Hannah is an exchange student from the UK, where she studies at the University of Warwick. Her major is Comparative American Studies, incorporating the study of the history, literature and cultures of both the United States and Latin America, along with Spanish. Having lived in Connecticut as a child, Hannah has had a lifelong interest in American history which has been supplemented by a growing interest in US politics, particularly in social issues such as ethnicity, race and gender.
For anyone who watched Michelle Obama’s speech at the Democratic National Convention last month, it was evident that the Obama campaign is placing a great deal of emphasis on the traditional concept of the American Dream. The idea that an individual can start off with little and gradually work their way up the economic scale continues, of course, to have great appeal, and in the past was achieved by many Americans. However, with the economy still faltering, the growth in power of large corporations, and poverty at its highest since 1983, is the American Dream still achievable?
With 46.2 million, or 15 percent, of Americans living below the poverty line, according to the US Census Bureau, and with unemployment remaining persistently high, it seems unlikely that most Americans will be able to “pull themselves up by the bootstraps” and achieve great economic gains and social mobility. Furthermore, Latinos and African Americans disproportionately suffer from unemployment, with rates above the national average, at 9.9 and 13.4 percent respectively.
The American dream remains an attractive proposition for politicians and voters alike. An especially interesting aspect of this election is the two dramatically opposing visions of the American Dream and how to achieve it presented by the two candidates. For President Obama, the government plays a vital role in reducing national poverty, which has indeed been alleviated slightly by the increase in unemployment benefits, and in providing economic growth, helping Americans to help themselves. Romney, in contrast, holds to the typical Republican belief in smaller government which, in theory, will allow business to grow, increase employment and lift people out of poverty.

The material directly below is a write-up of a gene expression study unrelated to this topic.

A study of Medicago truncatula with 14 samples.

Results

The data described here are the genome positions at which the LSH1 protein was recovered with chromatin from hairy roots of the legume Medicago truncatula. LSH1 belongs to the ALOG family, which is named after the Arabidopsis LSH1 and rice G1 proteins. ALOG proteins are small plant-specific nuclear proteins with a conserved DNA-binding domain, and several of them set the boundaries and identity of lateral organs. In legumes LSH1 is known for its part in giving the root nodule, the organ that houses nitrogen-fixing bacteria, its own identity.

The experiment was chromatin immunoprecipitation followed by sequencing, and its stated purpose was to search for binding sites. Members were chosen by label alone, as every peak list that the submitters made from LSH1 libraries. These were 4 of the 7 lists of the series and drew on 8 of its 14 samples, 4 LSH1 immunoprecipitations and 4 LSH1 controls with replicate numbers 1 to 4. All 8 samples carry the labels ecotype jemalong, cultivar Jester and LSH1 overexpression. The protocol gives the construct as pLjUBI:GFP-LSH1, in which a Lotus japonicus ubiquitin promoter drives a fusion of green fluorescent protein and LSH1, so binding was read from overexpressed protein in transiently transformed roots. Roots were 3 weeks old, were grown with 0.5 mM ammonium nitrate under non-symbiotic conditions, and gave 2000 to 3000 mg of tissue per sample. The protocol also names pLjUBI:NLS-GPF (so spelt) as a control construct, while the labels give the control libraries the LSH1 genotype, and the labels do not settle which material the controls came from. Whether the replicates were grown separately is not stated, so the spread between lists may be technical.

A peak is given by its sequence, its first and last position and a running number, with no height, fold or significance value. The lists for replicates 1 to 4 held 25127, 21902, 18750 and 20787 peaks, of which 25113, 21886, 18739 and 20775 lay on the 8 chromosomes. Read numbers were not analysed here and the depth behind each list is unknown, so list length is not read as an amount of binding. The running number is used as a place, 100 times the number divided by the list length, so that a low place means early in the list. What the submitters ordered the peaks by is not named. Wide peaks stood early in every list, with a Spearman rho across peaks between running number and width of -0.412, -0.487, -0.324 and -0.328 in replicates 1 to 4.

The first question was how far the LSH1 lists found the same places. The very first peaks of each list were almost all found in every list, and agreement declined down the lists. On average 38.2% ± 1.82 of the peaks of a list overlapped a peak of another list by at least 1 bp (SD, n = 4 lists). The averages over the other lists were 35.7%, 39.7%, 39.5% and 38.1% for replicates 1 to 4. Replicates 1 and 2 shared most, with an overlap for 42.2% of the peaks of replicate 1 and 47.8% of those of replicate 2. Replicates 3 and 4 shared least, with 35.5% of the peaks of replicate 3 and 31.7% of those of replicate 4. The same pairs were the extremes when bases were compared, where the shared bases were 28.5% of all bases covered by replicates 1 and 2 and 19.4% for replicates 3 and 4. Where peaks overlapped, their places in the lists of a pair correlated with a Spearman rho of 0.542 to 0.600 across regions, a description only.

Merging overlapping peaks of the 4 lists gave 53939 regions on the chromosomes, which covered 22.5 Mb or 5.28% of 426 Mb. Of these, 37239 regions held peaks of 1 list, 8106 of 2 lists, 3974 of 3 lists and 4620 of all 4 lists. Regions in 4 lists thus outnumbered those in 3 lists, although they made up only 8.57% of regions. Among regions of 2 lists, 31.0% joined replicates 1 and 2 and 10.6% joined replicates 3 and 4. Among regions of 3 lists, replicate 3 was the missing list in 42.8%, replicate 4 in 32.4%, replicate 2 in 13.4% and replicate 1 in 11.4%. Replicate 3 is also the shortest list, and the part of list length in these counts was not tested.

Theoretically, either or both of these opposing views for the American future may work in kick-starting the American economy. However, in either case, is the American Dream still a relevant aim for American society? The American Dream is rooted in the concept of the frontier society where an immigrant could work to earn enough to buy land, gain political and social standing, and live prosperously. But the American frontier closed in 1890, if we are to believe Frederick Jackson Turner, and since then, the American Dream has gradually lost its relevance in American society.
Although Michelle Obama’s speech effectively used the stories of her father and President Obama’s grandmother to illustrate the President’s policies and values, it is hard to believe that for most Americans a strong work ethic will get them all that far. It seems that although America continues to be based on the principles of “life, liberty, and the pursuit of happiness” and the belief that “all men are created equal”, some continue to be more equal than others. Perhaps it’s time for America to find a new dream?